Ferguson City Leadership Calls For End To Nightly Protests

Ferguson City Leadership Calls For End To Nightly Protests

FERGUSON, Mo. -- The city of Ferguson, Missouri, called for calm Tuesday, asking its residents to stop the protests that have been going on each night since a police officer shot and killed Michael Brown, an unarmed African-American teenager, on Aug. 9.

"It is our hope that as we continue to work for the well-being of Ferguson, residents will stay home at night, allow peace to settle in, and allow for the justice process to take its course," said the city leadership in a press release.

Ferguson's call for calm comes a day after press noted that the St. Louis suburb had hired a public relations firm to help it deal with the crisis.

Ferguson's overwhelmingly white government has been widely criticized for its disconnect from its residents, the majority of whom are African-American. In Tuesday's press release, the city leadership promised to take measures to make the community "feel more connected," including more transparency in police operations, an effort to increase the number of black police officers and a promise to engage young people in the city with better resources and more jobs.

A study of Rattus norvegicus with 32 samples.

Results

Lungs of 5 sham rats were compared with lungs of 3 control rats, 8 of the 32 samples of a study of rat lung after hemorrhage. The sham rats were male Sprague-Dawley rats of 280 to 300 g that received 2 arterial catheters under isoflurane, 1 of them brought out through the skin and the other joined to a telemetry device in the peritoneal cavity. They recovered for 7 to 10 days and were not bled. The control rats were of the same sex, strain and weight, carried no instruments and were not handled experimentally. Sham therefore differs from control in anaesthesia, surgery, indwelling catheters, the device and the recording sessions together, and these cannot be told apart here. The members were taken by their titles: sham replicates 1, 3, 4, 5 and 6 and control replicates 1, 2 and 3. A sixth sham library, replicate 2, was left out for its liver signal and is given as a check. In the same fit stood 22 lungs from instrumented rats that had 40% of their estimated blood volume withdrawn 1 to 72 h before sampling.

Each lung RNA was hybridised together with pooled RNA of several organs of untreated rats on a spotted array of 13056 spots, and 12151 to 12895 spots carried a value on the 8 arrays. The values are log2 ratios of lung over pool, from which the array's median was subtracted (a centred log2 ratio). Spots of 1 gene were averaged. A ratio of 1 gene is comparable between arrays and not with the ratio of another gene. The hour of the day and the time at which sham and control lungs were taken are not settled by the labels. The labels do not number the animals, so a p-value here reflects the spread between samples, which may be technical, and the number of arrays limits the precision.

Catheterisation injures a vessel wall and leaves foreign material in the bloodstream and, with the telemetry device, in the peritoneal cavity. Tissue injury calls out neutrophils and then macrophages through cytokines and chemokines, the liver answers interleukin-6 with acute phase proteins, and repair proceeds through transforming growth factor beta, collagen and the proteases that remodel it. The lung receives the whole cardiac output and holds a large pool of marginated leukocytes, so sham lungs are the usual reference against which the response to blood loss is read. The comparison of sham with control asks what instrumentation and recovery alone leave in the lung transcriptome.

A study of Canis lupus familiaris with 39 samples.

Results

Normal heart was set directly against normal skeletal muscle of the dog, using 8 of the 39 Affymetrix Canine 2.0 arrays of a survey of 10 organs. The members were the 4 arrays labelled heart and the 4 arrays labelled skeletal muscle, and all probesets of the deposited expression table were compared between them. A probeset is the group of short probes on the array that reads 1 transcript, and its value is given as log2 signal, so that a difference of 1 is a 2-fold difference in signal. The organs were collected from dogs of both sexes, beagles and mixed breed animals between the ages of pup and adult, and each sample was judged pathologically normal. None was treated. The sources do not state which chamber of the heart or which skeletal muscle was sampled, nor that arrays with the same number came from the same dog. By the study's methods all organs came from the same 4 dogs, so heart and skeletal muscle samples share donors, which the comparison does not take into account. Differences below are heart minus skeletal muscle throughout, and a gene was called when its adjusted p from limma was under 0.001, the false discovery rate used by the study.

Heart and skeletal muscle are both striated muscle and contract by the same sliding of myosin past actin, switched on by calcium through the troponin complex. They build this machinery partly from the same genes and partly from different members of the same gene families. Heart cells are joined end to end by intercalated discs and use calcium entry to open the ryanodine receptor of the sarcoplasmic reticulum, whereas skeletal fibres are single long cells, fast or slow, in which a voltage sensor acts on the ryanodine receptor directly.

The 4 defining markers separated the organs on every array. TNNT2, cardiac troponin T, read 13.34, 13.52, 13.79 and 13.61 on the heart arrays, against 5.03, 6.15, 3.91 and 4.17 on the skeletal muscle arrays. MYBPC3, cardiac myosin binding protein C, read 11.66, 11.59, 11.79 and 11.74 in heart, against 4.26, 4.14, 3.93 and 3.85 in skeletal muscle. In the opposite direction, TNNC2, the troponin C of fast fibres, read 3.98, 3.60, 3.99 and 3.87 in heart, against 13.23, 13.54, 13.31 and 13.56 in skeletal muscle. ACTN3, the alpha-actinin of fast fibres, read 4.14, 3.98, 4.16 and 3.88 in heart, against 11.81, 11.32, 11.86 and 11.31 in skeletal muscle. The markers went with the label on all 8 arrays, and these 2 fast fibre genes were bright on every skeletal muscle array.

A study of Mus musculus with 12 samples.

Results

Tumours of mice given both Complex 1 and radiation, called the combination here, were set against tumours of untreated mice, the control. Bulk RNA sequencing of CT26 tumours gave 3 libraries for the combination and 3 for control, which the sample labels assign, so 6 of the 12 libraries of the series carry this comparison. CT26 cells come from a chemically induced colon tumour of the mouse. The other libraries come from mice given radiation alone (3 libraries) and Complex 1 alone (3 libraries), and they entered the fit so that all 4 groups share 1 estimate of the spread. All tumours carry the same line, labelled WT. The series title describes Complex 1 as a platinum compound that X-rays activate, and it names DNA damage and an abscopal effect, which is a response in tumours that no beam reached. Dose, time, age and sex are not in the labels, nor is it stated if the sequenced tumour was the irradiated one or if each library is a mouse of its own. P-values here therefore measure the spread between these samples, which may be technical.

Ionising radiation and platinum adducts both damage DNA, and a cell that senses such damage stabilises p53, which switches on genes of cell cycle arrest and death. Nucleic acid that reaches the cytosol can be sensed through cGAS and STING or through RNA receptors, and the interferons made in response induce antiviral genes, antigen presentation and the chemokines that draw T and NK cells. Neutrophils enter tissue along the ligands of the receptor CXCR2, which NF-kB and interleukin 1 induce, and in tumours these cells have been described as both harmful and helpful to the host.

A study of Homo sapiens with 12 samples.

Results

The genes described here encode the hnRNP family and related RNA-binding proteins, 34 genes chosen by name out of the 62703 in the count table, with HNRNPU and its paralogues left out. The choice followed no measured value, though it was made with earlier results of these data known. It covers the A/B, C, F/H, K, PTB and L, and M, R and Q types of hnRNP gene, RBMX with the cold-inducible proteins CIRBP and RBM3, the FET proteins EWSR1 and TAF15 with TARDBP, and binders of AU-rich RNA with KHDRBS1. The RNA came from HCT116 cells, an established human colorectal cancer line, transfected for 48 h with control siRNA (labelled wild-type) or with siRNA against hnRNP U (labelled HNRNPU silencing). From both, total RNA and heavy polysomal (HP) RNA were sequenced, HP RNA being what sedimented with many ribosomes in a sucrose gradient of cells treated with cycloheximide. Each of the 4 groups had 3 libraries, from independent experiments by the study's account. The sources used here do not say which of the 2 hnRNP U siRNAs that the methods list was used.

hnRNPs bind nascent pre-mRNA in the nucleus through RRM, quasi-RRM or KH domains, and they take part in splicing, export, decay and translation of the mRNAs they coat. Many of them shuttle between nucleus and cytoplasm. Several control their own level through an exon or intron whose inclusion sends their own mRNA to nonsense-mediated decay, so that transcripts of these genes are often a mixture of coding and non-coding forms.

Monday night had started peacefully. Police shut off West Florissant Avenue to most traffic and kept protesters on the sidewalks, subduing the party-like atmosphere from the previous evening. But tensions rose later Monday night, resulting in more clashes between police and the crowd.

Most residents with whom The Huffington Post has spoken said they're not sure how and when the nightly protests will end but believe that the arrest of Darren Wilson, the white officer who shot Brown, would be a major step in that direction.

"I think the one thing that can happen that may act to de-escalate this is the arrest of Darren Wilson and an indictment," said St. Louis Alderman Antonio French, who has been a constant presence at the protests. "If these guys know that justice is being done and if we can help restore their faith that justice will be served for Michael Brown and his family, then we have a chance to get them to calm down."